Industry Voices—Pongratz: Will surging IoT connections help the suppliers and operators?

IoT
Dell'Oro is optimistic about the near-term broadband IoT upside. (Pixabay)
Stefan Pongratz

After years or decades of disappointing growth, Wide-Area IoT connections – including cellular and non-cellular technologies – increased nearly 70% in 2018, growing at a much faster pace than expected. With global Wide-Area IoT connections on track to surpass 4 billion connections by 2023, the time is right to analyze the revenue implications: What does this ostensibly exciting IoT connection forecast really mean – can billions of connections change the trajectory for the mobile infrastructure suppliers and the operators? 

Dell'Oro chart

As we have communicated for some time now, we envision there are multiple reasons to be optimistic about the supply and demand side opportunities beyond the smartphone, with the pickup in IoT being one of the more probable growth engines. But at the same time, future growth prospects will vary greatly depending on the type of connection. After all, the connected mousetrap will most likely not consume the same amount of traffic or generate as much revenue as the connected vehicle.

RELATED: Industry Voices—Pongratz: The outlook is improving for mobile infrastructure vendors


Global growth for Wide-Area IoT, cellular and non-cellular, is projected to add about $130 billion of incremental mobile infrastructure and service provider revenue over the next five years.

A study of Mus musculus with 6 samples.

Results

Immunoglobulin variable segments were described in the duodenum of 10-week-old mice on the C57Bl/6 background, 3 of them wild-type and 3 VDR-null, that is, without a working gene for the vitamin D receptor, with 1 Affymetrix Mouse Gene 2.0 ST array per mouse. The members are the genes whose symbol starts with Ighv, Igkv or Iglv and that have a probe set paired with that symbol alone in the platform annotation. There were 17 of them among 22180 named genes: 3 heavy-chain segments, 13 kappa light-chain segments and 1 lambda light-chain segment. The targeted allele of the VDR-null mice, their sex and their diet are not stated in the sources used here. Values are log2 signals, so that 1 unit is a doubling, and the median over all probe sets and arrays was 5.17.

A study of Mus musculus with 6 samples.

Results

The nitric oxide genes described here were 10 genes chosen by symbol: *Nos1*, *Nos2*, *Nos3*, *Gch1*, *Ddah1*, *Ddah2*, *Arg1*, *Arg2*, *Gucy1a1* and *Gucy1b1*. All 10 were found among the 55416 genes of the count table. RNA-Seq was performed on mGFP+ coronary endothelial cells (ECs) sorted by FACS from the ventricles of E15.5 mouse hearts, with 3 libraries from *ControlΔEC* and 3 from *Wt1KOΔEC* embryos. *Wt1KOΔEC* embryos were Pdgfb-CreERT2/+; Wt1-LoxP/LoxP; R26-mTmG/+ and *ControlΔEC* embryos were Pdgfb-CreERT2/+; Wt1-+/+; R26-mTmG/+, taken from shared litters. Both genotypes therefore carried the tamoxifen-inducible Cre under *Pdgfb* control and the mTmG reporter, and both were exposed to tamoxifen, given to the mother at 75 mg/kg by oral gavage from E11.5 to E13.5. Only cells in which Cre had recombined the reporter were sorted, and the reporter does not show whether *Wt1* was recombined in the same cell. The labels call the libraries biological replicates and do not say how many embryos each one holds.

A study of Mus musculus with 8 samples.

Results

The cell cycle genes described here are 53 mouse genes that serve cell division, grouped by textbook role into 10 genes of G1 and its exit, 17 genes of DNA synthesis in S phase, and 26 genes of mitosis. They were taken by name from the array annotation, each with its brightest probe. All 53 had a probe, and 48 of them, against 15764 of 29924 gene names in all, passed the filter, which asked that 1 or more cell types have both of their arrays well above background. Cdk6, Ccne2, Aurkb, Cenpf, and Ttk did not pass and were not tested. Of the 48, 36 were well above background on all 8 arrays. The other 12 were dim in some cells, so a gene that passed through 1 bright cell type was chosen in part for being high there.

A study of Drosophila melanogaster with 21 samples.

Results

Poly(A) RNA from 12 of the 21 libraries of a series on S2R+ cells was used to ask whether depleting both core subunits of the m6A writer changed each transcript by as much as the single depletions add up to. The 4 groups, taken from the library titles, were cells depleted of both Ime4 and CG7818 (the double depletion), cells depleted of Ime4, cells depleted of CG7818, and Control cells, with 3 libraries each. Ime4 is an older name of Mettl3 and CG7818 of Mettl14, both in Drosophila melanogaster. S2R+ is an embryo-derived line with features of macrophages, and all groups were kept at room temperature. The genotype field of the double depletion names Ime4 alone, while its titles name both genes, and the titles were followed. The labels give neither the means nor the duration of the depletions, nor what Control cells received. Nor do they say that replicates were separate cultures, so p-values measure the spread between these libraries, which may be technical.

Dell'Oro Chart2

Since the last update, we have revised our IoT related mobile infrastructure – RAN and Core – revenue projections slightly upward, to reflect new feedback from operators about the infrastructure equipment capex in the initial LTE-M and NB-IoT upgrade phase. We also adjusted the connection projections upward, driven primarily by stronger than expected acceleration and improving market sentiment in China. At the same time, surging connection growth in China has not translated into a large pickup in revenue growth as revenue per connection is trending below expectations resulting in relatively minor changes to the aggregate IoT service provider revenue forecast. The baseline estimates assume service provider IoT revenues will grow at a robust pace or about ~2x to 2.5x over the forecast period, implying there is tangible upside with IoT over the near-term for both the suppliers and operators.

 
In sum, we are optimistic about the near-term Broadband IoT upside and project this will produce tangible revenue growth for both the suppliers and operators. But with the average Massive IoT connection consuming low-single digit MBs per month and generating a few dollars of revenue upside per year for the operators, billions of Massive IoT connections are likely not enough to change the trajectory for the suppliers or the operators. However, once we approach tens or hundreds of billions of Massive IoT connections, low-throughput connections will also be a significant global growth driver.

"Industry Voices" are opinion columns written by outside contributors—often industry experts or analysts—who are invited to the conversation by FierceWireless staff. They do not represent the opinions of the editorial board.